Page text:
The onset of wrinkles, muscle wasting and cataracts has been delayed and even eliminated in mice, say researchers in the US.
It was done by "flushing out" retired cells that had stopped dividing. They accumulate naturally with age.
The scientists believe their findings could eventually "really have an impact" in the care of the elderly.
Experts said the results were "fascinating", but should be taken with a bit of caution.
The study, published in Nature, focused on what are known as "senescent cells". They stop dividing into new cells and have an important role in preventing tumours from progressing.
These cells are cleared out by the immune system, but their numbers build up with time. The researchers estimated that around 10% of cells are senescent in very old people.
Scientists at the Mayo Clinic, in the US, devised a way to kill all senescent cells in genetically engineered mice.
The animals would age far more quickly than normal, and when they were given a drug, the senescent cells would die.
The researchers looked at three symptoms of old age: formation of cataracts in the eye; the wasting away of muscle tissue; and the loss of fat deposits under the skin, which keep it smooth.
Researchers said the onset of these symptoms was "dramatically delayed" when the animals were treated with the drug.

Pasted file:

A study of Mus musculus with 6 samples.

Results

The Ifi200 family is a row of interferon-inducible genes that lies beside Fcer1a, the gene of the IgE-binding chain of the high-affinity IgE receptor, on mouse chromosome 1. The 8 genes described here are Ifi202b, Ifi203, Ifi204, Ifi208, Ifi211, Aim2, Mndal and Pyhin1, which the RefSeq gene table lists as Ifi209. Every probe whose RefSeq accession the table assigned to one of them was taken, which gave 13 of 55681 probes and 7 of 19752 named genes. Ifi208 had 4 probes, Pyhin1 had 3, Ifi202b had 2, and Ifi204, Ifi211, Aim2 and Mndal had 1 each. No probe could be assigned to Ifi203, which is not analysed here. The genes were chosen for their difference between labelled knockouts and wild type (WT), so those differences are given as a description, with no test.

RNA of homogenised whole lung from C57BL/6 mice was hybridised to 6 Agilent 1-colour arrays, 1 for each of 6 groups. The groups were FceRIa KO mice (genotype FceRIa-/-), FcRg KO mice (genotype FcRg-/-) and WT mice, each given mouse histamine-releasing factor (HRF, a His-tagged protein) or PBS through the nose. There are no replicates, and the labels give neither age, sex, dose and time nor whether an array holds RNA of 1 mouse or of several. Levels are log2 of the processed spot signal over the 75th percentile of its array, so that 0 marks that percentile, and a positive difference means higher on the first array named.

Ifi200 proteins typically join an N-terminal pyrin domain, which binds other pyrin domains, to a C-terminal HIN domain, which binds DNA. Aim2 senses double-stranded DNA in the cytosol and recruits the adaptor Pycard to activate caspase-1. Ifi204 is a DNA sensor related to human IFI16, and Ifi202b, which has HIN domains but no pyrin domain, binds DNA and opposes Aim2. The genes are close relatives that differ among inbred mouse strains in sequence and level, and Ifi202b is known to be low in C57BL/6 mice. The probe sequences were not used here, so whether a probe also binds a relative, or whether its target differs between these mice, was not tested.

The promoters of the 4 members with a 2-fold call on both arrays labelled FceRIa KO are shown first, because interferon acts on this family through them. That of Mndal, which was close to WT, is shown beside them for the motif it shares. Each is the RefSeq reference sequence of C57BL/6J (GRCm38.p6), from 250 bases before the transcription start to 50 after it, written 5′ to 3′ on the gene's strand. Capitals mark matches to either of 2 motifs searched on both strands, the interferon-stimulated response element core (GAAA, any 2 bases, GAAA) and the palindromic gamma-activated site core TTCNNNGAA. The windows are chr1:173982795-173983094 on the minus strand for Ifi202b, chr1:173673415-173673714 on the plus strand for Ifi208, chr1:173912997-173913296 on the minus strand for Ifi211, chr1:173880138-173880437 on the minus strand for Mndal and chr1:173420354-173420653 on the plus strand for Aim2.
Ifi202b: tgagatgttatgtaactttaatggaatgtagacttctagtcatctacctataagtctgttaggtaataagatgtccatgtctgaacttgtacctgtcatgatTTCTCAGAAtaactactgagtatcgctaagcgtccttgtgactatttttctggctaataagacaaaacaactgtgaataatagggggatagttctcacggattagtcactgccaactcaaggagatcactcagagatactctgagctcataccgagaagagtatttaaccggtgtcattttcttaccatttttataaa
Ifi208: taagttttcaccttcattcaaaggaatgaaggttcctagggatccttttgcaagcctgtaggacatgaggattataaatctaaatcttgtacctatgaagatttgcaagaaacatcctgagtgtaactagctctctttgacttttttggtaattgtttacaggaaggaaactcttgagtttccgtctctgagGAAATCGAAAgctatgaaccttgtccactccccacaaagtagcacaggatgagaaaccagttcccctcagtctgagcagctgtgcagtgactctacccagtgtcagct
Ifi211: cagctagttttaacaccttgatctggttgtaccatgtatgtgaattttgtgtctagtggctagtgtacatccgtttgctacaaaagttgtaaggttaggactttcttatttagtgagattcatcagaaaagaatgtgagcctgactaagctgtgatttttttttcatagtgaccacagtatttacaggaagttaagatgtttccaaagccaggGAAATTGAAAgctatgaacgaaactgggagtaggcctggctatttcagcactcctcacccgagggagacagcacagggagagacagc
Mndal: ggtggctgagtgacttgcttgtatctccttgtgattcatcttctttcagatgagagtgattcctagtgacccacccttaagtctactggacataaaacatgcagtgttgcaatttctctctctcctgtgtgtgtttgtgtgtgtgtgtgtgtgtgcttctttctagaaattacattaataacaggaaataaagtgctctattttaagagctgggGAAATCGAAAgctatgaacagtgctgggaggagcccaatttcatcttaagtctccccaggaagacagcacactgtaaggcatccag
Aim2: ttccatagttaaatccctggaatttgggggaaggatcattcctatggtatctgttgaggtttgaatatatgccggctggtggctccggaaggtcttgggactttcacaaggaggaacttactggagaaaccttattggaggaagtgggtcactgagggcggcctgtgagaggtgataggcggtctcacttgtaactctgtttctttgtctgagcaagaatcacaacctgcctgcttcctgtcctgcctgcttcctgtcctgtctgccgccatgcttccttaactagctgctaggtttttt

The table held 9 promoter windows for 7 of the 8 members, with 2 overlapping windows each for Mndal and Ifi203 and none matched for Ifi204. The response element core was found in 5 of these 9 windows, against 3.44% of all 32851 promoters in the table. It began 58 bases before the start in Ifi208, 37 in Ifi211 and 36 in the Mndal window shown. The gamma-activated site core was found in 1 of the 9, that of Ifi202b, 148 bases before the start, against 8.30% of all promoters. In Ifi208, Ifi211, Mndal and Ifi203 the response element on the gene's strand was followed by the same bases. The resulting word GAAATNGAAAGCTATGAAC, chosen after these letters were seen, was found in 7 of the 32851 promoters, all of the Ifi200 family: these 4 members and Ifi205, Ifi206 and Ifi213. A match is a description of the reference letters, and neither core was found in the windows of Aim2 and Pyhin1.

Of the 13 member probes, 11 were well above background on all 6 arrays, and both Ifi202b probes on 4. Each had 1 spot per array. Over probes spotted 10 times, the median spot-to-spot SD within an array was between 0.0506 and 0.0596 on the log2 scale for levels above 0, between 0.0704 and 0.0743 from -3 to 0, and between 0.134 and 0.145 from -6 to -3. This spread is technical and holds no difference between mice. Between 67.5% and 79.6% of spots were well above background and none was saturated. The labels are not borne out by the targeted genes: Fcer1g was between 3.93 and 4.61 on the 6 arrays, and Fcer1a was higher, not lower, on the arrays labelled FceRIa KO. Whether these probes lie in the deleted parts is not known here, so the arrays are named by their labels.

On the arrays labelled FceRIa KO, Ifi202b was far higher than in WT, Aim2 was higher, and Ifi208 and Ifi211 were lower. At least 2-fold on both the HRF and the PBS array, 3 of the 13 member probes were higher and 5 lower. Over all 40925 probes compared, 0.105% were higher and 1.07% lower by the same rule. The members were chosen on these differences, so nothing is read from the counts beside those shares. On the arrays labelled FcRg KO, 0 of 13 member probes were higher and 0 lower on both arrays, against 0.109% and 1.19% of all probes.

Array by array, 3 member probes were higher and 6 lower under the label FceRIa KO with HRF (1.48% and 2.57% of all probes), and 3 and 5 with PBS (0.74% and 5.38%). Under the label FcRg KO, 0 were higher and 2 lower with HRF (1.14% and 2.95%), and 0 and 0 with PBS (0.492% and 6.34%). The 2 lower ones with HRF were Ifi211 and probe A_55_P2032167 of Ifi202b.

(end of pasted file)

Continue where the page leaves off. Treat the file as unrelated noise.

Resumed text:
When it was given after the mice had been allowed to age, there was an improvement in muscle function.
One of the researchers, Dr James Kirkland, said: "I've never seen anything quite like it."
His colleague Dr Jan van Deursen told the BBC: "We were very surprised by the very profound effect. I really think this is very significant."
The treatment had no effect on lifespan, but that may be due to the type of genetically engineered mouse used.
The study raises the tantalising prospect of slowing the signs of ageing in humans. However, senescent cells cannot be just flushed out of human beings.
Dr Deursen said: "I'm very optimistic that this could really have an impact. Nobody wants to live longer if the quality of life is poor."
He argued that young people were already clearing out their senescent cells.
"If you can prime the immune system, boost it a little bit, to make sure senescent cells are removed, that might be all it needs.
"Or develop a drug that targets senescent cells because of the unique proteins the cells make."
Dr Jesus Gil, from the Medical Research Council's Clinical Sciences Centre, said the findings needed to be "taken with a bit of caution. It is a preliminary study".
However, he said it was a fascinating study which "suggests if you get rid of senescent cells you can improve phenotypes [physical traits] associated with ageing and improve quality of life in aged humans".